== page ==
London Mayor Sadiq Khan has greeted the New Year with the message that the capital is “proud to be a global, European city” as around 100,000 people gathered to watch the annual fireworks spectacular beside the Thames. Khan, who will seek election for a second term at City Hall on 7 May, highlighted London’s coming role in hosting key fixtures in the international 2020 European football championship, including its semi-finals and final in July, saying “our national game has the remarkable ability to bring people together”.
Khan’s stress on London’s European bonds despite the UK being set to leave the European Union on 31 January reflects his strong identification with the campaign to remain in the EU and the views of the issue of the majority of Londoners, who voted by 60 per cent to 40 against leaving in the 2016 referendum. He is continuing to use the hashtag London Is Open, the name of a campaign coined in the aftermath of the EU vote to emphasis that London continues to welcome international visitors, workers and investment.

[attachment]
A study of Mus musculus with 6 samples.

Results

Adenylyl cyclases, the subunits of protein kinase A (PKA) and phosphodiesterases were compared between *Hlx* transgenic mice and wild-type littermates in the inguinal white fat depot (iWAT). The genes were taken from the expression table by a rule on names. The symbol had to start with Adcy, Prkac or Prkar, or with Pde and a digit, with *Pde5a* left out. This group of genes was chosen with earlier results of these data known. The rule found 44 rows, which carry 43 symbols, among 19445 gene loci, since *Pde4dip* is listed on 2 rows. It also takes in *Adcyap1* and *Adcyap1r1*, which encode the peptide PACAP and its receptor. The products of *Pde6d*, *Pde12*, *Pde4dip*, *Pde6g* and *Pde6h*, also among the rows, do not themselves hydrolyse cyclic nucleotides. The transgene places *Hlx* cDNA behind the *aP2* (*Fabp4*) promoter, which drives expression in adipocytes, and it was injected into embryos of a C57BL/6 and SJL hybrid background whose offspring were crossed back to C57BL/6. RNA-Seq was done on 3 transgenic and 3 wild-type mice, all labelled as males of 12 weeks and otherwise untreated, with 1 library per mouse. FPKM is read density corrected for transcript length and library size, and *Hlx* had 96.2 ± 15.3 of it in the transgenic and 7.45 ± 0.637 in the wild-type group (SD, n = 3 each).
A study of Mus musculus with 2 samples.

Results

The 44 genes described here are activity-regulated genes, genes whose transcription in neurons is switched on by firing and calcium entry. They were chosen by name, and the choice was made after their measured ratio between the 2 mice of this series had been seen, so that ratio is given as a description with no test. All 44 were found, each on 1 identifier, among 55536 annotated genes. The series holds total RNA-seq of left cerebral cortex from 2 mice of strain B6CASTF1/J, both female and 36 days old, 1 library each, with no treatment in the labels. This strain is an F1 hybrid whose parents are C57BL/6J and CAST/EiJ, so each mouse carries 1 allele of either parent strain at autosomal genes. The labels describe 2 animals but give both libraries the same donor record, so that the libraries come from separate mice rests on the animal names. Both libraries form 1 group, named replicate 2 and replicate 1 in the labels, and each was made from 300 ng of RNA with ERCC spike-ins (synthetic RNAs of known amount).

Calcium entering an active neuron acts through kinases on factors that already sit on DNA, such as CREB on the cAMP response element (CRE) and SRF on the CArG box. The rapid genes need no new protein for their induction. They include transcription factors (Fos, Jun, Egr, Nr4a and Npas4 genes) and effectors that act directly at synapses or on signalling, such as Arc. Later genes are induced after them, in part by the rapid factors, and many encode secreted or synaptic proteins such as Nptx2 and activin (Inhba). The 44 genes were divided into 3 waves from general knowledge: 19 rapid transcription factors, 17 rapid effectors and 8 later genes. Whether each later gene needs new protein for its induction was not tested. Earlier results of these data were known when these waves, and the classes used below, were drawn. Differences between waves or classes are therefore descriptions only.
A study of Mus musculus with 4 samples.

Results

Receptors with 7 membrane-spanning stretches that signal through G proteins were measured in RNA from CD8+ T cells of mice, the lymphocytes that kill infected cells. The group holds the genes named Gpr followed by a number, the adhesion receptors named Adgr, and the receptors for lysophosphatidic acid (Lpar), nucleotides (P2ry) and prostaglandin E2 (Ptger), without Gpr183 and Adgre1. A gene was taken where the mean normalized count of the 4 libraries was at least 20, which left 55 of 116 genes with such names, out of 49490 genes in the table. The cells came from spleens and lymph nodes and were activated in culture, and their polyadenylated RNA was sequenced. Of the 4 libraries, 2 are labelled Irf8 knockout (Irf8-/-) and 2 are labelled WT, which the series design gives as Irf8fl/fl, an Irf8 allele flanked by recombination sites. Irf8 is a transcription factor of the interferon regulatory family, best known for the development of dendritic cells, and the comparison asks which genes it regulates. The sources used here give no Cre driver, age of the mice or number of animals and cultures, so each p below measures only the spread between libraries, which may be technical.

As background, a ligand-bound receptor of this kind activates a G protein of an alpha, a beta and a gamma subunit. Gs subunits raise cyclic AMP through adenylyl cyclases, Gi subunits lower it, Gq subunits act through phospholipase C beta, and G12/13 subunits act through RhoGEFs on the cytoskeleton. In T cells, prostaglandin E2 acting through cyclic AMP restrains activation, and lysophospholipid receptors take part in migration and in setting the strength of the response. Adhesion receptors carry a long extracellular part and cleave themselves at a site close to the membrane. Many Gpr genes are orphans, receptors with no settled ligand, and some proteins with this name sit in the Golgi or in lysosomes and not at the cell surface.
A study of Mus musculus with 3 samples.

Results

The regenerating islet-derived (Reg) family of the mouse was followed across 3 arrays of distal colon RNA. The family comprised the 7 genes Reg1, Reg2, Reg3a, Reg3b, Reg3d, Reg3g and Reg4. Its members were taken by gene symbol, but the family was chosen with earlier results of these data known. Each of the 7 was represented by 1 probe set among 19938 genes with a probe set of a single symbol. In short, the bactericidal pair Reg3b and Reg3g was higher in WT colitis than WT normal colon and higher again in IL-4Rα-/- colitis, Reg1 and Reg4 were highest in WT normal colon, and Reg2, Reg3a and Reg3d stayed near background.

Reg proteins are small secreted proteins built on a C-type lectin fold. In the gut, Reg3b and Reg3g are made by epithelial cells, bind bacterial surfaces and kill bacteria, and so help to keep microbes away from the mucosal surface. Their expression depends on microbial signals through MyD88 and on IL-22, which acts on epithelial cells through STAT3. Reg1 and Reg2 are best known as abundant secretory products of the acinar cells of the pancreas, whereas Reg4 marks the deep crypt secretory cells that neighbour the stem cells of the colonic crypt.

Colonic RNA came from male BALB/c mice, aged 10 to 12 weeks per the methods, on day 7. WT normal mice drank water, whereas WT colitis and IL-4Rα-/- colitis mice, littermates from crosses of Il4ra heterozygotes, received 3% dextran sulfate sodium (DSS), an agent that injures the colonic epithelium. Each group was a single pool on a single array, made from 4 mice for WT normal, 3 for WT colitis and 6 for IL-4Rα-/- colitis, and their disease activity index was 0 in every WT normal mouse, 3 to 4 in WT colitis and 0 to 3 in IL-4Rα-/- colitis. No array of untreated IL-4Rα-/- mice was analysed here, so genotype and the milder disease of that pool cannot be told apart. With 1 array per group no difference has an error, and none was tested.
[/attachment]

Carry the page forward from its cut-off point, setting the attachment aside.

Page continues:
With the 2020 mayoral race sure to intensify in the coming weeks, the Labour Mayor has been enjoying big opinion poll leads over all his rivals, including second-placed Shaun Bailey, the Conservative candidate, whose Twitter output in the run up to New Year maintained its focus on violent crime.
In a pinned video message posted yesterday, Bailey repeated his argument that Khan has shifted blame from the problem and said the story of 2019 has been “the record amount of homicides in London” and that young people have told him they are “more concerned about their safety than about their futures”. The number of homicides recorded in London increased for the fourth year in a row in 2019, to 149, though more killings took place in the capital every year this century until 2008 and in all but two years of the 1990s.
Two other mayoral contenders, Green Party national co-leader and London Assembly Member Sian Berry and the Liberal Democrats’ Siobhan Benita, also used Twitter to look ahead.
Berry wrote that “2020 gives us a chance to act for the climate and elect long overdue Green Mayors for our cities,” and linked to an article she’s written on this theme, which also refers to mayoral election in other English cities.
In a video message in which she held a mug with a pro-EU slogan, Benita said there would be “a lot of work to do” in 2002 following the election of a majority Conservative national government. Addressing “liberals” “progressives” and “people at the centre of our politics”, she listed the need for a “safer London, a greener London and a kinder London” in which more people share in what London has to offer as key themes for her mayoral bid.